Mental illness is a hush-hush topic in the black community, even though statistics show that many African Americans suffer from these disorders and are less likely to seek treatment, notes the Centers for Disease Control and Prevention (CDC) in a story reported by The Root.

The CDC’s Office of Minority Health and Health Disparities also reported that African Americans are more likely to experience mental health disorders than their white counterparts. What’s more, black men were less likely to seek treatment than women. “We treat it as a badge of shame,” said Terrie Williams, an African-American mental health advocate, while white Americans “treat it as a badge of honor.”

Experts have said that a lack of health insurance or low coverage could be an explanation for why African Americans do not seek mental health treatment. According to the American Psychiatric Association, 20 percent of African Americans are uninsured. In addition, fewer people have coverage for mental health ailments than for physical illnesses.

Historical factors might also contribute to some black people’s unwillingness to seek treatment. Years ago, during the Tuskegee experiment, researchers left hundreds of poor black men with syphilis untreated, which ultimately led to their deaths. This is just one example that demonstrates why many African Americans harbor feelings of mistrust toward the medical community.

In addition, according to the American Psychiatric Association, one study found that a majority of African Americans viewed prayer as among the most common ways to cope with stress. Problems can arise when prayer is used instead of medical treatment to address severe mental health conditions, Williams said.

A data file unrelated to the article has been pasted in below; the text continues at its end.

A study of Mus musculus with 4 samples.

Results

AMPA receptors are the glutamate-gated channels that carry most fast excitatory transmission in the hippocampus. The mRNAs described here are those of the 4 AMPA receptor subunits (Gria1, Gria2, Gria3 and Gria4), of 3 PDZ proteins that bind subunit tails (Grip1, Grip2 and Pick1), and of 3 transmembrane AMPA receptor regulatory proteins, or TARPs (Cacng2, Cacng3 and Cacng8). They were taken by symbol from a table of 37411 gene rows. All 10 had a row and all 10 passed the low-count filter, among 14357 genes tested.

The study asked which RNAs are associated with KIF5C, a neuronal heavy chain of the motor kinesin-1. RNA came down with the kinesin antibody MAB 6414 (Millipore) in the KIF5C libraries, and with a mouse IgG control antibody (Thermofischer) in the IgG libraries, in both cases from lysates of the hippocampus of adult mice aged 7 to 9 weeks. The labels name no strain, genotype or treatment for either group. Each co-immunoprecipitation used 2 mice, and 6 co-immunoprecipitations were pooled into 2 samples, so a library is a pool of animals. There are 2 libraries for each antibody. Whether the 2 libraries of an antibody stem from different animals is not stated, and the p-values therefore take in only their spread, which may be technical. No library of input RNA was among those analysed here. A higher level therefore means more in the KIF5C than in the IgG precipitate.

According to Jeff Gardere, PhD, a practicing therapist, the key to addressing mental health conditions and reducing their presence in the black community is for African Americans to embrace mental health treatment. “The point is the mental relief and edge you get from therapy put you ahead of the pack in dealing with life’s challenges,” Gardere said.

But the good news is statistics show that more black people are seeking treatment for depression and other mental health issues. And the black church has also taken a leadership role in publicly addressing mental health issues, Gardere said.

Depression is one of the most common mental health disorders, affecting nearly 20 million Americans. Click here to learn more about this mental disorder and its relationship with HIV.